A widowed father’s fight to keep his family together

Tuesday, August 9, 2022

Bernard is a widowed father of three. He lives on the outskirts of Cotonou, Benin’s economic capital and he is an accomplished welder, owning his own workshop and training young people on welding techniques and equipment.


The journey to get where he is now took time, great determination, and a truly resilient spirit.


In 2010, Bernard’s wife died during childbirth, leaving him with a newborn and two little girls to take care of. “At the beginning, it was so hard to provide for them, but I took full charge of it. I did everything I could and I told them that was a new start, and that they had to be brave,” says Bernard, sitting on the porch of his newly constructed house.


Despite his efforts, Bernard struggled to meet his work deadlines and take care of his children. He got fired from his job and had to borrow money from the bank, which he wasn’t able to pay back. His search for a new job did not bring any luck.

Bernard from Benin

“I was starting to feel weird about myself, as if I was going crazy, so I decided to send my kids away to live with their grandparents and other relatives. That was the toughest time of my life,” he says.


Back to being a family


It was at this very moment that a close friend suggested that Bernard contact SOS Children’s Villages in Benin to see if they could accept him and his children in one of their family strengthhtening programmes. So it happened, and Bernard could quickly benefit from a new loan from the bank to be able to put some money aside and finally get his welding workshop back in business.


His two daughters’ health and education fees started to be taken care of by SOS Children’s Villages and this helped relieve some of the financial and social pressure he had before. That made it possible for Bernard to take his three children back home with him.


Bernard and 2 of his children

When the kids came back to the family house, Bernard was ready and confident that he could now take on all the household duties. “I was doing everything in the house: cleaning, cooking, washing the kids, but I have to say that without the help of my eldest daughter Bergere,  I could not have done it,” he adds.


Bergere* was 14 when she returned to her dad’s house; she was going through puberty and not having her mum by her side at that time was surely challenging. “When Bergere got her first period, it was very hard for me. I did not know what was the right thing to do or to say. SOS Children’s Villages was a great help during this phase, because they gave us, and especially Bergere, physiological support,” Bernard says. 


Shortly after he joined the SOS family strengthening program, Bernard became president of his neighbourhood’s Community Health Insurance Association, founded by SOS Children’s Villages. Members are taught to how to better save money to cover their family’s health expenses and to engage in income-generating activities such as soap production.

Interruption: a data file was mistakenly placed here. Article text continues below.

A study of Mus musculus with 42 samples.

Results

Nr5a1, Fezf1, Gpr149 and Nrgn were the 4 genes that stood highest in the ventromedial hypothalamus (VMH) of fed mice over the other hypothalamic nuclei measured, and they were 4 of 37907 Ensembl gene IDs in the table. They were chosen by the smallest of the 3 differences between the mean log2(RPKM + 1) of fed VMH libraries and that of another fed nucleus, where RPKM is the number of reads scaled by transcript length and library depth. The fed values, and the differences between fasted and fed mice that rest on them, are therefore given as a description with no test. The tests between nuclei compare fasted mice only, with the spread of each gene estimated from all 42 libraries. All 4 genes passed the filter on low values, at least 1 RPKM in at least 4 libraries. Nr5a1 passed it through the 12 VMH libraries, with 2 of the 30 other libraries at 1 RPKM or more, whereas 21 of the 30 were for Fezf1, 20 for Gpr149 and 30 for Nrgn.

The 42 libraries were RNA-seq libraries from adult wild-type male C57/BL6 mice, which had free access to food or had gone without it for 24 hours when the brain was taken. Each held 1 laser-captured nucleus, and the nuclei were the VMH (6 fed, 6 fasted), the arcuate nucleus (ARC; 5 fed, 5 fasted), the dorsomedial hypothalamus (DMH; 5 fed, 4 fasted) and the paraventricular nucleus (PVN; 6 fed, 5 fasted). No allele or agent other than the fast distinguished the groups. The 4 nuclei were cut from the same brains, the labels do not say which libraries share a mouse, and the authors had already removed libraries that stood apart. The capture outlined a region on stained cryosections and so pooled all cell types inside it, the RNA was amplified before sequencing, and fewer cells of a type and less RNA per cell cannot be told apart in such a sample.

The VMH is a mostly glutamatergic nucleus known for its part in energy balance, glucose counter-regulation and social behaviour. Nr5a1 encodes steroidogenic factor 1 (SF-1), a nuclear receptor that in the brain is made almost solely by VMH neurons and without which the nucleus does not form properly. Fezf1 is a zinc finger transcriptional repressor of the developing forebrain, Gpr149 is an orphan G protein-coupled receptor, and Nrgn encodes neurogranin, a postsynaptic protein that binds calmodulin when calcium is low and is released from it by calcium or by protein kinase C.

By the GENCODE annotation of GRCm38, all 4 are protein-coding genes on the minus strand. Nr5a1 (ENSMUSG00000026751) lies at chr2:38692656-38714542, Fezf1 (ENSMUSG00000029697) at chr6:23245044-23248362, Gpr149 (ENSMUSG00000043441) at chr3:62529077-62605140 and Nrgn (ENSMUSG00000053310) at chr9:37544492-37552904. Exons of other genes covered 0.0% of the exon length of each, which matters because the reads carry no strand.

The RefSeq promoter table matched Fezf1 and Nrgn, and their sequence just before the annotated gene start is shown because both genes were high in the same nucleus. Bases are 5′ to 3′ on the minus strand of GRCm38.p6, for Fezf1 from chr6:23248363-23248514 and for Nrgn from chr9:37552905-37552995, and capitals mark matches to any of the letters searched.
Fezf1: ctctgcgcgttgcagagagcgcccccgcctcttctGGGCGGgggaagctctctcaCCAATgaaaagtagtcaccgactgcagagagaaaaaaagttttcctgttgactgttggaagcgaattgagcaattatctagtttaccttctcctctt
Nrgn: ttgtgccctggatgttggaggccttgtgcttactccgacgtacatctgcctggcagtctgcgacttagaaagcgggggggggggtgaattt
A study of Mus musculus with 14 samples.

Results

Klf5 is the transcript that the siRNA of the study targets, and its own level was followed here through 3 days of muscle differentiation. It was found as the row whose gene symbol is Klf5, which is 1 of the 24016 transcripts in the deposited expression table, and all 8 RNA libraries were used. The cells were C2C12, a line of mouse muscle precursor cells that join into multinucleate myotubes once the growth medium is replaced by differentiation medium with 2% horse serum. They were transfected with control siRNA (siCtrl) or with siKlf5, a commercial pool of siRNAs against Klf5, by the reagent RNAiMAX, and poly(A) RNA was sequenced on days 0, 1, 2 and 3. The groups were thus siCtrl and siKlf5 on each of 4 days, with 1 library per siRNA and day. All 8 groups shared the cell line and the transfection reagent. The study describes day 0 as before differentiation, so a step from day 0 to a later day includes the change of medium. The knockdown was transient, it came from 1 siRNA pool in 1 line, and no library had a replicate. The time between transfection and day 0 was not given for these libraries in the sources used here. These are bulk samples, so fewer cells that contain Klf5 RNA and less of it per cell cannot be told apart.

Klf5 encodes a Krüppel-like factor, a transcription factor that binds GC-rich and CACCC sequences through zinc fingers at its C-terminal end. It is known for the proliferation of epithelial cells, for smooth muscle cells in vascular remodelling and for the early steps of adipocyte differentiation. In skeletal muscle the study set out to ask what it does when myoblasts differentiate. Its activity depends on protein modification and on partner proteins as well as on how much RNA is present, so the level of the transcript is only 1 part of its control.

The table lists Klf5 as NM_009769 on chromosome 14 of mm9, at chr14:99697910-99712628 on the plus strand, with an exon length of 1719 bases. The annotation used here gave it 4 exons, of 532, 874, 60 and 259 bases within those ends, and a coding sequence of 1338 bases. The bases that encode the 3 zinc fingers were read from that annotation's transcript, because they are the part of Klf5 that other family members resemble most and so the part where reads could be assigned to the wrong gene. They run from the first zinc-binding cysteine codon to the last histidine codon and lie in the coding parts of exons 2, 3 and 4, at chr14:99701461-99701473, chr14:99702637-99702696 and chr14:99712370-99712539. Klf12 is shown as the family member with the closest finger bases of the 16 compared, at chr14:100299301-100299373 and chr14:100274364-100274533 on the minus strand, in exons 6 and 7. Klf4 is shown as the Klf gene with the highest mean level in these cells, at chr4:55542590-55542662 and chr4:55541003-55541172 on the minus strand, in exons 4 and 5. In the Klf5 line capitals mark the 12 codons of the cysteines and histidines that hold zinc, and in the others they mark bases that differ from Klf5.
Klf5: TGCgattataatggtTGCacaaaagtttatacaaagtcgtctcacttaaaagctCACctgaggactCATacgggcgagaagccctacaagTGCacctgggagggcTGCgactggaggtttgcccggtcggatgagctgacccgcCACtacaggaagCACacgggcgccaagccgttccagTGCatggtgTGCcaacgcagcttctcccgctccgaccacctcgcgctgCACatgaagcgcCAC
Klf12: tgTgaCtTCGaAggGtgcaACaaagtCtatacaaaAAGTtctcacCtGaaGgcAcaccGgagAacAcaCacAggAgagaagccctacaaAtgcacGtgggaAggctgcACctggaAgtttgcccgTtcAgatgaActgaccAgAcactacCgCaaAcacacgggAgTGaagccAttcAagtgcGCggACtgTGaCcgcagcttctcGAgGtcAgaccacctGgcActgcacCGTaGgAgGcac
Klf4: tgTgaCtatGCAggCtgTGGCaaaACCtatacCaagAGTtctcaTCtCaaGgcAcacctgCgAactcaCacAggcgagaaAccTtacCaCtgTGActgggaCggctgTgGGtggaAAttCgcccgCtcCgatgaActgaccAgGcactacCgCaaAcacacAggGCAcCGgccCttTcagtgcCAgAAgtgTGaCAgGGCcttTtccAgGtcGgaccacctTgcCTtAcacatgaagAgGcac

Bergere’s bright future


Bergere is now 24. She has a bachelor degree in IT management and economics and she is been working as intern at DHL in Cotonou for the last two years.


In 2019, after she graduated, SOS Children’s Villages encouraged her to send her CV to DHL Benin. She was immediately hired as a client service and back office intern. “This job is teaching me to be more self confident and know that I have skills that I can use,” Bergere says. “For all the rest, I have to thank my father. He taught me to be strong, resilient and to never give up.”

Bergere’s short-term plans are to get hired by DHL, or find a job in a bank. Her long-term dream is to move to Canada and get a master’s degree in IT management.

Life comes full circle


Today, Bernard welcomes young people from underprivileged backgrounds to his welding workshop, to teach them a job, for free, and give back to the community that sense of hope and opportunity that he once received when he most needed it. 


Bernard’s vision for the future is to transform his workshop into a multi-purpose space where young people from the community can gather and learn different skills and jobs.

What happened to me made me more aware of peoples problems and living conditions. I am a more sensitive man today,” he says.






Canadians wishing to help vulnerable children are encouraged to sponsor a child, sponsor an SOS Village or make a one-time donation. Your support will change the lives of orphaned, abandoned and other vulnerable children. Please help today.